I have just returned to this desk following a few days’ leave. Leave? Why is it called ‘leave’? A ‘few days off’? A holiday?
I was looking forward to my holiday; I’d been working hard, and I needed a rest. I was looking forward to a few days in which I would sleep more, eat more, play with my children, read a novel, get some fresh air, go for a walk. And so it proved: I had a lovely time with my family, and I find myself refreshed.
But there’s a but. And the but started with a dinnertime critique from my elder teenage son, who espoused the view that holidays were, in effect, a bad thing; or, perhaps more accurately, a symptom of a bad thing. I listened hard to his analysis, not least because only a few years ago I had heard a similar message from a very different source: the chief physician at a London teaching hospital, a wise and honourable man with whom I am lucky enough to have become friends.
My now-retired doctor friend reacted with aghast sympathy when, these few years ago, I told him that I was knackered and that I was really looking forward to my (summer) holiday where I intended doing as close to nothing as possible for as long as possible. He wondered whether it was entirely healthy to spend so many weeks or months working quite so hard. He wondered whether it wasn’t a sign that my life was somewhat out of kilter. Wouldn’t it be better, he wondered, to not be needing such an extreme rest.
Which is pretty much the point my son made. If you were doing something you really enjoyed, he argued, you wouldn’t want to “have a holiday”, you’d want to carry on doing it. You’d integrate your rest and recuperation into your day to day life, not exhaust yourself so much that every few weeks you have to get away from it all. How can you do your best stuff if you’re perpetually on the verge of becoming knackered again?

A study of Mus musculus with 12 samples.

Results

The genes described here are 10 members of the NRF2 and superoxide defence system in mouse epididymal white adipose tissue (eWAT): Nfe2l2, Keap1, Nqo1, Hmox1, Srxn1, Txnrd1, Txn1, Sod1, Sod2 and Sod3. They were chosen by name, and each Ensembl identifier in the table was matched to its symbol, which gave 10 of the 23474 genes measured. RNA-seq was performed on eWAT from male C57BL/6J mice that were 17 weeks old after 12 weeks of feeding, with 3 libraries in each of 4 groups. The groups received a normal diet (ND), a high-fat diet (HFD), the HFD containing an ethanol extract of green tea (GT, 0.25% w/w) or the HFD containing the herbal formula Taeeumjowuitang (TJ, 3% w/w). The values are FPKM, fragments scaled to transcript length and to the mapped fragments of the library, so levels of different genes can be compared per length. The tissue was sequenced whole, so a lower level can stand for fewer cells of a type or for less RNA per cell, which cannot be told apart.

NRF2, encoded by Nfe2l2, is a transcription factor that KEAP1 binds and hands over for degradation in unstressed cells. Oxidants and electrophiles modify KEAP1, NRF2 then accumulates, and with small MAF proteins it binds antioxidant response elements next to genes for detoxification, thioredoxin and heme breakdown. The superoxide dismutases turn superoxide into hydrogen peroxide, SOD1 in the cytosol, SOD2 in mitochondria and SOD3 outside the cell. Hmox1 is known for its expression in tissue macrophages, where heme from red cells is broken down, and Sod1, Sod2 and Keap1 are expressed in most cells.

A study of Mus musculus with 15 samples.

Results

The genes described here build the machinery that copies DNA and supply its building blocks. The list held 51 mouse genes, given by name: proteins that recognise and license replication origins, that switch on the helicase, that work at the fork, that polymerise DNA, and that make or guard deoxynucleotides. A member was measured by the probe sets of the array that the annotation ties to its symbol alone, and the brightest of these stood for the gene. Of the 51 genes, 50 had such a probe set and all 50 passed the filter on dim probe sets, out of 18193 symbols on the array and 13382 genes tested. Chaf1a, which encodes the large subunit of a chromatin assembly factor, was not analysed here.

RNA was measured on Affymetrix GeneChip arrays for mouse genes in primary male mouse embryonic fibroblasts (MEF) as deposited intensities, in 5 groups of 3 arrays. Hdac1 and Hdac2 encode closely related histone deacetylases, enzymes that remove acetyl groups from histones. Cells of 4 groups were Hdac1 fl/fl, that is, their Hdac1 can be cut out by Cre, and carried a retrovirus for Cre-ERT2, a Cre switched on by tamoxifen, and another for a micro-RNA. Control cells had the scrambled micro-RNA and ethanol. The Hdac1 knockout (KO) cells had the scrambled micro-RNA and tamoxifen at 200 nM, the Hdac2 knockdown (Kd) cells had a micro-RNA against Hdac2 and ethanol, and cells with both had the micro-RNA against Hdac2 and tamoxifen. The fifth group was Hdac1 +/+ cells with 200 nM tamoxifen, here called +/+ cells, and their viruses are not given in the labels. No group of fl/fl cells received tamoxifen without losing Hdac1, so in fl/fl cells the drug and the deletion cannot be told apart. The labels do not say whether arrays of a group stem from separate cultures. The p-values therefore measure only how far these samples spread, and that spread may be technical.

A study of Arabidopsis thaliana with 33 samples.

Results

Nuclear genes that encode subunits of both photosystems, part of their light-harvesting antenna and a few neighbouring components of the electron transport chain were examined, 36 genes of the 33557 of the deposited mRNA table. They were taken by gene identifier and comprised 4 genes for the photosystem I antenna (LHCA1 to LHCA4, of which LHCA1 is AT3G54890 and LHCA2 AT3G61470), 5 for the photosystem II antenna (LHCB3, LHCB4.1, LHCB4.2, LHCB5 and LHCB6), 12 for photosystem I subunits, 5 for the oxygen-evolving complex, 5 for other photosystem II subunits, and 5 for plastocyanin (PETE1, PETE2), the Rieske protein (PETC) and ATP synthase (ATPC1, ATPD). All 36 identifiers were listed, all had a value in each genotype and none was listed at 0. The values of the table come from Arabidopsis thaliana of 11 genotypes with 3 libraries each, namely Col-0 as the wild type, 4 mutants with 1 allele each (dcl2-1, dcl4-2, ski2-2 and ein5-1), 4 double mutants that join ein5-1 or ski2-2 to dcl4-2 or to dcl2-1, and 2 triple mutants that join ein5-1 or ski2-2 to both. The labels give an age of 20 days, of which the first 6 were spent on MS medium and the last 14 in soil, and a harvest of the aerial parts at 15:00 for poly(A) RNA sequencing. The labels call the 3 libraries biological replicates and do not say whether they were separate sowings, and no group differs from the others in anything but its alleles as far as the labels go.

There’s a separate thread, for another time, on why you might want to do your best stuff, but for now, and for a few more moments, I want to stick to holidays. Because not only do I agree with the perspective offered from either end of a modern working life, but a re-casting of ‘holiday’, even ‘leisure’, is central to the proposition of an economy of enough.
From a Marxist perspective, for example, leisure and holidays are merely elements in the process known as the reproduction of labour power. Capitalism can only function if the workers are sufficiently awake and well-fed and from time to time refreshed – a factor acknowledged not just by Marxists, but by weapons-grade capitalists like Henry Ford, too. Holidays are not given you because the capitalists love you, and they are not given simply because organised trade unionised labour power fought successfully on your behalf – they are given because they are a useful way of maintaining your productivity over the medium and longer term.
The problem with the Marxist analysis, however, is/was that it relied on a collective resolution, a collective consciousness, that simply doesn’t materialise in atomised contemporary consumer capitalism. It’s my holiday, my entitlement, and I am free to spend it how I wish. We simply don’t conceive of our holidays as in any way a collective thing, despite the fact that great herds of us travel together to the same destinations, irrespective of whether those destinations are allegedly popular or ‘out of the way’.
What is it we’re getting away from? Are holidays simply another form of modern escapism, up there with alcohol and recreational drugs and mystical faith, a symptom of the fact that normal, everyday life, is just not good enough? If we could fix the everyday, would we really need ever more intense holiday hits?
Some of the answers are being explored by people like Carl Honoré (“In Praise of Slow” - http://www.carlhonore.com/) and Tom Hodgkinson (“How to be Idle” and editor of The Idler - http://idler.co.uk/), but mainstream politics and economics finds these kinds of approaches far too scary at the moment. Good god, could you imagine what would happen if everyone were to start chilling out a bit more, kicking back and running around a little less - – not some faux sixties drop-out vibe, just a developing sense that, no thanks, I’ve had enough? I’m not going to work harder to earn that extra pound so that I can have a slightly more turbo-powered hi-fi/holiday next year, I’m going to get just a little slack. Gosh, what would happen to ‘consumer spending’ and ‘gross national product’ and ‘productivity’?
We’d have a terrible recession and everything would be awful… Or, would we start being a little happier, or more contented, or a little freer to do things that we wanted rather than things that they wanted? Could we have an economy of enough rather than an economy of more?